German police conducted a search of Deutsche Bank's offices in Frankfurt on Thursday, amid allegations of money laundering against the country's flagship lender.
The investigations are directed against two Deutsche Bank staff members, with both accused of helping clients set up off-shore businesses to launder money gained from criminal deeds.
A total of 170 police officers, prosecutors and tax inspectors searched six of Deutsche Bank's offices on Thursday, Frankfurt's public prosecutor's office said in a statement.
Numerous written and electronic business documents were seized from the bank, while further investigations are ongoing, it added.
"It is true that the police are currently investigating different locations of our bank in Germany. It's about a case related to the Panama Papers," Deutsche Bank said in statement Thursday, according to a Google translation.
"We will communicate as soon as we have more details. We will cooperate fully with the authorities," the bank said.
Shares of the bank slipped toward the bottom of the European benchmark on the news, down around 3 percent at 11:30 a.m. London time.
Meanwhile, U.S.-listed shares of Deutsche Bank fell nearly 5 percent in pre-market trade.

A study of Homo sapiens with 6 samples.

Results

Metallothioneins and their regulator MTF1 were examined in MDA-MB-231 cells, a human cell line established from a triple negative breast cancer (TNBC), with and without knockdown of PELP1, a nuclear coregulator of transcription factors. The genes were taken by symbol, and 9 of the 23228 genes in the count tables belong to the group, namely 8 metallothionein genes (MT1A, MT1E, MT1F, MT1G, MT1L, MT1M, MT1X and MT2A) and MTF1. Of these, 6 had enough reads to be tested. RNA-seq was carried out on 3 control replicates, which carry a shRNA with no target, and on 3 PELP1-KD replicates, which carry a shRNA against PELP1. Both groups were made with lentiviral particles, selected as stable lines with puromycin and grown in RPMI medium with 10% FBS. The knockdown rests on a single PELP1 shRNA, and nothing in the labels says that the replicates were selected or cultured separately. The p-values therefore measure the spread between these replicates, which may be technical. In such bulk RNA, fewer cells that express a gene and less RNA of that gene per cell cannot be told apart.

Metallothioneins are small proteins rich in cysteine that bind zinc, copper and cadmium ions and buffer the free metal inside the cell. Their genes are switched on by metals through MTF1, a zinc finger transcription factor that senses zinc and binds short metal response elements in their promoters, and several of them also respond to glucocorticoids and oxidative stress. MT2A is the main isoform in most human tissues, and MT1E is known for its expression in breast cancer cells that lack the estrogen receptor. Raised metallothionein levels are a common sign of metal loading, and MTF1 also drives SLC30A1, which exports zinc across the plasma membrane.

The public prosecutor's office in Frankfurt said an evaluation of data from the Panama Papers had triggered suspicion that the bank may have helped customers to create so-called "offshore companies" in tax havens around the world.
In 2016 alone, more than 900 customers with a business volume of 311 million euros ($353.6 million) were thought to have been cared for by a Deutsche Bank subsidiary based in the British Virgin Islands, the prosecutor said.
The Panama Papers scandal refers to a leak of millions of documents to the media by Panama-based law firm Mossack Fonseca in April 2016. It triggered a global scandal after showing how the rich and powerful allegedly used offshore companies to evade taxes.
The Papers have resulted in several banks, including Swedish lenders Nordea and Handelsbanken, being found guilty of breaching money laundering laws.